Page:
The importance of being not loud

For all the Luke Walker chapters click here 😀

Story continues from yesterday:

On Sunday at midday the Society met outside the bus station.

“If you get spotted, just walk away,” said Tania, “they can’t stop you.”

“Can’t they?”

“No, that would be assault.  All they can do is tell you to leave and ban you from coming back.”

Luke and Joe weren’t worried.

“But that doesn’t mean it’s okay to get caught,” Isabel reminded them, “if anyone sees you they’ll just peel the stickers right off and we want them to stay on as long as possible.  We’ve got to be discreet.”

“You’re very bossy for someone who’s new to bein’ sneaky,” said Luke.  “Don’t worry about us, this is right up our wheelhouse.”

Tania and Isabel looked at each other uneasily.

“Mmm,” said Tania, tapping her fingers against her bottom lip, “but sometimes you’re loud.”

Luke grinned.  “On’y when I need to be.”

Armed with eight strips of stickers each, the Society marched into town.  First to get stuck was a BHF ad on a bus shelter.  Luke put a sticker under the slogan “Fight For Every Heart Beat”.  Next was a CRUK ad in front of the supermarket.  Joe put a sticker under the slogan “This Is Race For Life”.  Then there were three more bus stops.  They displayed ads for Diabetes UK, BHF and Kidney Research UK.  The Society made all of them more transparent.

“This street is looking decidedly more honest,” said Tania smiling.

When they got to the shops they decided to work in pairs.  Joe and Isabel went into the British Heart Foundation, while Tania and Luke went two doors up to Cancer Research UK.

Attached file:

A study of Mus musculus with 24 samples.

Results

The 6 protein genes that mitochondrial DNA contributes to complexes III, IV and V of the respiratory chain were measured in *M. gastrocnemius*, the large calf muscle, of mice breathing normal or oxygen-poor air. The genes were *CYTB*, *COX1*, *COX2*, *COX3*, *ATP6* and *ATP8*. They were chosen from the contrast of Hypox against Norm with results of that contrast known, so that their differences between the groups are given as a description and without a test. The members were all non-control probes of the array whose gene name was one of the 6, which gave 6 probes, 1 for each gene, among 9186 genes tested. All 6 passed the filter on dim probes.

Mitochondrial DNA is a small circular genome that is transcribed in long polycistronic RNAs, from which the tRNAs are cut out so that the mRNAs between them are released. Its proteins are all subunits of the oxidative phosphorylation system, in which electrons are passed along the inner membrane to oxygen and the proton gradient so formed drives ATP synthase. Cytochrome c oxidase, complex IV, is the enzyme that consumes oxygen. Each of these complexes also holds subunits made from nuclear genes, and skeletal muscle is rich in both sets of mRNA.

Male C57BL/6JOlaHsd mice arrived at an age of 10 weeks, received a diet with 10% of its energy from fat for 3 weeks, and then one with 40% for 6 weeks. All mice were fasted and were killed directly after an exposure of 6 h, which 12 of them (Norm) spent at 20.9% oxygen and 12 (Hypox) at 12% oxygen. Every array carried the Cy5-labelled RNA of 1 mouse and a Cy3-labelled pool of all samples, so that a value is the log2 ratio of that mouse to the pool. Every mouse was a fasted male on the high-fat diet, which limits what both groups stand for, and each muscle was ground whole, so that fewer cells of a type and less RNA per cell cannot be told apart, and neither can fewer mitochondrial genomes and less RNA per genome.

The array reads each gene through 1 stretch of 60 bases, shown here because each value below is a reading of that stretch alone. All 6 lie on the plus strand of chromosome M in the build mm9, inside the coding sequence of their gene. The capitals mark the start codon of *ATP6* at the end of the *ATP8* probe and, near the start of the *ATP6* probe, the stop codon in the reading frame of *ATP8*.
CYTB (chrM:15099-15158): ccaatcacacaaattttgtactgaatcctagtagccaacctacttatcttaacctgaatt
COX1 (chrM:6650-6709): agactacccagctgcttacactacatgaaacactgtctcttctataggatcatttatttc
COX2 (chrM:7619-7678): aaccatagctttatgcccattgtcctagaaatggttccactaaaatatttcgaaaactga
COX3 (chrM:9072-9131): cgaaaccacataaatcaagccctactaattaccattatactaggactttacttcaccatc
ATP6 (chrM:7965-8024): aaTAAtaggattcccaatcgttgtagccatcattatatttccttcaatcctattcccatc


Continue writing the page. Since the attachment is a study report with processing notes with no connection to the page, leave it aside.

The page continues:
BHF wasn’t very busy and there was only one member of staff behind the counter.  Joe tried to look like a normal shopper, picking things up, looking at them, deciding against them and putting them back down.  Every time a customer approached the cashier, he took the opportunity to place a sticker somewhere – on a shelf in front of the books, on a price tag, on a rack of birthday cards.  He made sure he wasn’t in view of any other customers first, but there weren’t many so that wasn’t difficult.  Isabel, meanwhile, grabbed a couple of dresses off the rail and went straight to a changing cubicle.  Safe behind the curtain, she affixed one sticker to the bottom right hand corner of the mirror and another to the poster on the wall.  Then she decided against the dresses, returned them to the rail, chose an alternative and retreated to the second cubicle to do it all again.  Emerging to find a woman waiting to try something on, she decided it was time to leave.  Joe was already outside having successfully labelled the leaflet stand and the open door.  He wanted to sticker the shop window too but Isabel shook her head.  It wasn’t safe.  Too many people around.

They got to the CRUK shop, which had several stickers on the window, just as Luke and Tania were coming out.  The looks on their faces indicated their mission had been equally successful.  The four of them walked away together in a slow, relaxed, unsuspicious manner.

“It’s cool being an activist,” said Tania.

“Yeah,” said Isabel, “I wanna do it again.”

“I don’t think there are any more bad charity shops here.  Unless – what about Marie Curie?”

Isabel looked at the list.  “No, Marie Curie’s on the green list – it does say they belong to the Association of Medical Research Charities which makes them say they support animal research on their website but they don’t actually do any.”

“I’ve seen charity ads on trains,” said Luke, “let’s go to the station!”

So the Society walked briskly to the railway station, passing as they did a big red British Heart Foundation collection bin begging for a couple of unarguable truths.

“I need some more,” said Luke.

“Why, how many have you got left?” asked Tania.

“One.  How many have you got?”

“Forty two.”

Luke grinned.  “Can I have some of yours then?”

Joe laughed.  “How have you got through fifty five stickers?”

“I put ’em on the price tags.”

“On the clothes?”

“Yeah.”

“All of them?”

“As many as I could.  I couldn’t do the last one coz the man was starin’ at me.”

The others looked at him without saying a word.

“What?  I wasn’t loud,” he said defensively.